Could converting to a Roth IRA be in your future?

Money Report
Typography

Upcoming changes make it an attractive option for some investors

Upcoming changes make it an attractive option for some investorsIt’s not too early to prepare for 2010, when an important change in IRA regulations regarding Roth IRAs goes into effect for highincome investors.

Beginning in 2010, the $100,000 modified adjusted gross income limit, or MAGI, limiting conversion of funds from traditional IRAs to Roth IRAs, is waived. This presents an opportunity for thousands of investors whose income eliminated them from even considering a Roth conversion.

In addition, as an added incentive to convert in 2010, the taxable income resulting from a Roth conversion (in 2010 only) can be spread out over two tax years, 2010 (paid by April 15, 2010) and 2011 (paid by April 15, 2012.).

Why convert your IRA?

Why convert in the first place? Well, the advantages of a Roth IRA can be compelling. The Roth is funded with after-tax dollars, and all future growth can be withdrawn completely tax-free. This makes a Roth a superb home for your more growth-oriented investments, particularly those that still have some way to go to recover their previous value. If they recover in the Roth, the gain is tax-free.

Additionally, unlike a traditional IRA, a Roth is not subject to required minimum distributions at age 70 . A spousal beneficiary can take over a Roth IRA, make it theirs, and allow it to continue to grow. Only when a non-spousal beneficiary inherits the account are distributions required, and then only over the life expectancy of the beneficiary. The implications of having, say, a grandchild as a Roth beneficiary, can be staggering. Finally, a Roth IRA gives you a lifetime shelter from taxes, no matter how high the tax rates might rise in the future.

Factors to consider

A Roth conversion in 2010 is not necessarily the best strategy, even if your income has precluded you from considering a Roth rollover in the past. First, consider your present and future tax bracket. If you think your tax bracket will fall significantly, you may be better off leaving your IRA alone and paying the taxes on the money as you withdraw it.

Second, how will you pay the additional conversion-related tax? A conversion probably won’t make sense unless you have money outside your IRAs to pay the tax bill. If you withdraw from the IRA to pay the tax on the withdrawals, they may be subject to a 10 percent penalty if you’re under 59 1/2.

Time is also an important factor. In general, the longer you have until you plan to withdraw your earnings tax-free from the Roth, the better the numbers will look.

Remember, the additional income resulting from a Roth conversion may increase the taxable portion of your Social Security, and may lower or eliminate your ability to take certain income-related itemized deductions as well. When evaluating the benefits, be sure to include the present value of the funds you use to pay the taxes on conversion; you would have had this money and all its growth if you didn’t convert.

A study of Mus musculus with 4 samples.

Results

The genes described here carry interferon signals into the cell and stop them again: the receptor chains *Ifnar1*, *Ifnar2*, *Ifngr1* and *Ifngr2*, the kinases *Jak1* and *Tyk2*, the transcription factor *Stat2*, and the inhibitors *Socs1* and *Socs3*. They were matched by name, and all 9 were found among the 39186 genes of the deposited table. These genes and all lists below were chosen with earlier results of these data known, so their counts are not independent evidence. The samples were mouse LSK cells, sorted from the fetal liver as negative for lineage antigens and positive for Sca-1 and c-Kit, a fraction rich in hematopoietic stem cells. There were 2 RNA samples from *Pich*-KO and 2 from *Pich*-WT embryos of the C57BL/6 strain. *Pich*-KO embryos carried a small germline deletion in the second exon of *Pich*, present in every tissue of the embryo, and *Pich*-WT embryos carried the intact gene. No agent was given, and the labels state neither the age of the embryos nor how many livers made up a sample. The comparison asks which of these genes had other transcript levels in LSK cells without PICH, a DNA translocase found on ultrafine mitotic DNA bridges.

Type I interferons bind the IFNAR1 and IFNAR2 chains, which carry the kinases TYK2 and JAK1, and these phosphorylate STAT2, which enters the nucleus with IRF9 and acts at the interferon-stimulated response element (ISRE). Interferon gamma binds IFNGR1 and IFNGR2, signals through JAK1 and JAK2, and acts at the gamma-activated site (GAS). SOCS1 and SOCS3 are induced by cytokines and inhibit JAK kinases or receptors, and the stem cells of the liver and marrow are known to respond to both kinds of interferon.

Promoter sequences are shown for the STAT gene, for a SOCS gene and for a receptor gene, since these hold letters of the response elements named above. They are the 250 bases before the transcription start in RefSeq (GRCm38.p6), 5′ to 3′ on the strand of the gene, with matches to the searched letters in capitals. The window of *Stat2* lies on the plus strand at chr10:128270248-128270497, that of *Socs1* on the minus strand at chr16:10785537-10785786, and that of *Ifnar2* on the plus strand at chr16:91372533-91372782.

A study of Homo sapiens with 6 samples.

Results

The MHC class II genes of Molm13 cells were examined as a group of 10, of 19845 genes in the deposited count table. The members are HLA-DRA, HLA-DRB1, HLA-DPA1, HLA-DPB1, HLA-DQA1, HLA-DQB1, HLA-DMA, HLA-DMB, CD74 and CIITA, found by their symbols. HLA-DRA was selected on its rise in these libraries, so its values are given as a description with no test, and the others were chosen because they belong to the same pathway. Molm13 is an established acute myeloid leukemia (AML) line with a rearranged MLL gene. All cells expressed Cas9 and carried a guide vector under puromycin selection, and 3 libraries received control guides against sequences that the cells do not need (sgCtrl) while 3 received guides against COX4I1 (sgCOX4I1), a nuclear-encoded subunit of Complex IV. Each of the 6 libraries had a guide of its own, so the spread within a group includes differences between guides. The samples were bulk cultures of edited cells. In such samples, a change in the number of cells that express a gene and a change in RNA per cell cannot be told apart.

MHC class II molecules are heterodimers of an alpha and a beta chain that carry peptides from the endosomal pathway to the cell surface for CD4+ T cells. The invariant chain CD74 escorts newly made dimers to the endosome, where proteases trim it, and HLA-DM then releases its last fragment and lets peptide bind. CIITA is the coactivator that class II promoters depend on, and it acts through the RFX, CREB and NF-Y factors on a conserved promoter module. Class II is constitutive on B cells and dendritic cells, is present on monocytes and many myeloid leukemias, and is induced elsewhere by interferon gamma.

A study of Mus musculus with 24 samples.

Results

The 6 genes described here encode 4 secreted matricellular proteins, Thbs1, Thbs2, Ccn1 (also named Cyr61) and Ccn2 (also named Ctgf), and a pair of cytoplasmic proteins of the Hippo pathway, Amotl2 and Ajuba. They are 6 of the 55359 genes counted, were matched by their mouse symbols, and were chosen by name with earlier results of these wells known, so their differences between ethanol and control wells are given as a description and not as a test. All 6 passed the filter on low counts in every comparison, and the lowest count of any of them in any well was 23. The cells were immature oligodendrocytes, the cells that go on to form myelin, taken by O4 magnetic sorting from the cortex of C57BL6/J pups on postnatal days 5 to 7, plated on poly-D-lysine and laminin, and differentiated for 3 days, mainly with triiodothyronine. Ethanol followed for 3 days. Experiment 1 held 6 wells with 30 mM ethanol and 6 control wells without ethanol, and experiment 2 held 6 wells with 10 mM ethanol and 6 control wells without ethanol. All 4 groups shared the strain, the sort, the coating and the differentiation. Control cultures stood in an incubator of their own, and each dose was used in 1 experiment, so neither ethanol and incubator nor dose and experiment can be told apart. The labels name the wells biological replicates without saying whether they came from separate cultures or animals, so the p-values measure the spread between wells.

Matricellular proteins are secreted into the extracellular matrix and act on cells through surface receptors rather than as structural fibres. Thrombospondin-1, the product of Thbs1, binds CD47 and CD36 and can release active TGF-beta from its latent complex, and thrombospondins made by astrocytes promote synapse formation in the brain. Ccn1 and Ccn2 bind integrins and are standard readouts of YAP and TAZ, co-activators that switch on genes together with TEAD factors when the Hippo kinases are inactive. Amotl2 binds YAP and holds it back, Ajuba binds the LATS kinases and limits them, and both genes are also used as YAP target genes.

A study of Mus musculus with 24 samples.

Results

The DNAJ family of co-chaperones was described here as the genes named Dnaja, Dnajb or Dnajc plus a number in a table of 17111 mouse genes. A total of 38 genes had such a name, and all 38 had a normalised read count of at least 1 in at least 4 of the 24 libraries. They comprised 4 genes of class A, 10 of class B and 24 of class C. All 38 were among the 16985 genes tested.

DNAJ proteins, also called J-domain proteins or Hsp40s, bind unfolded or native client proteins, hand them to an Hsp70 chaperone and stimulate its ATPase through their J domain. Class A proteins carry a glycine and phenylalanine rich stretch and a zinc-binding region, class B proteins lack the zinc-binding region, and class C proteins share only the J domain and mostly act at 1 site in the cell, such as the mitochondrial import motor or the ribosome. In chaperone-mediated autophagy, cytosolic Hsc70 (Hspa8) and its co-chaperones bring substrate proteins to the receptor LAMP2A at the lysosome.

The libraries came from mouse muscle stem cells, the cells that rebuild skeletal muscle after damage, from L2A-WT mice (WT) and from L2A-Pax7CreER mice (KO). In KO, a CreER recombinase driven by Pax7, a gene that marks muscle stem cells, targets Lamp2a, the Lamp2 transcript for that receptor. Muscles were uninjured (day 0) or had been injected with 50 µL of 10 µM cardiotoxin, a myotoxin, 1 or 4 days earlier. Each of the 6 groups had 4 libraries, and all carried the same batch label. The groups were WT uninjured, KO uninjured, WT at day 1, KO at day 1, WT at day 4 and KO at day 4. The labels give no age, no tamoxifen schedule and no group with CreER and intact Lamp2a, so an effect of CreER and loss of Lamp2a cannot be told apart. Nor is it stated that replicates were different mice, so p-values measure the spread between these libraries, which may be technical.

There can be estate tax advantages to a Roth conversion as well. When you pay the conversion tax, you effectively prepay income taxes for your heirs without owing any gift tax or using up any of your valuable estate-tax exemption ($3.5 million for 2009). Prepaying the income taxes reduces the size of your taxable estate.

Preparing for 2010

You can get started by doing some necessary research on your IRAs and eligible 401(k)s. Be sure to identify any accounts that have both pre-tax and after-tax money. Examine strategies to reduce taxable income as much as possible in the year of conversion, or 2010. It may make sense for some investors, especially those who have had their required minimum distributions, or RMDs, waived in 2009, to take out additional funds and plan to spend them in 2010 to lower that year’s taxable income. Remember, the waiver of required minimum distributions is for one year only, and you cannot convert your RMD to a Roth, even in 2010. We recommend that you have a pro-forma tax projection done for 2010 and 2011, based upon your last tax filing, so you see the total tax implication of the conversion. Spend some time with your CPA or tax advisor on the numbers.

Steven Weber, registered investment advisor, and Gloria Harris, director of Client Communications, are members of the Bedminster Group, a feeonly advisor providing investment and fi nancial counsel to clients in the Lowcountry since 1997. The information contained herein was obtained from sources considered reliable. Their accuracy cannot be guaranteed. Furthermore, the opinions expressed are solely those of the authors and do not necessarily refl ect those from any other source.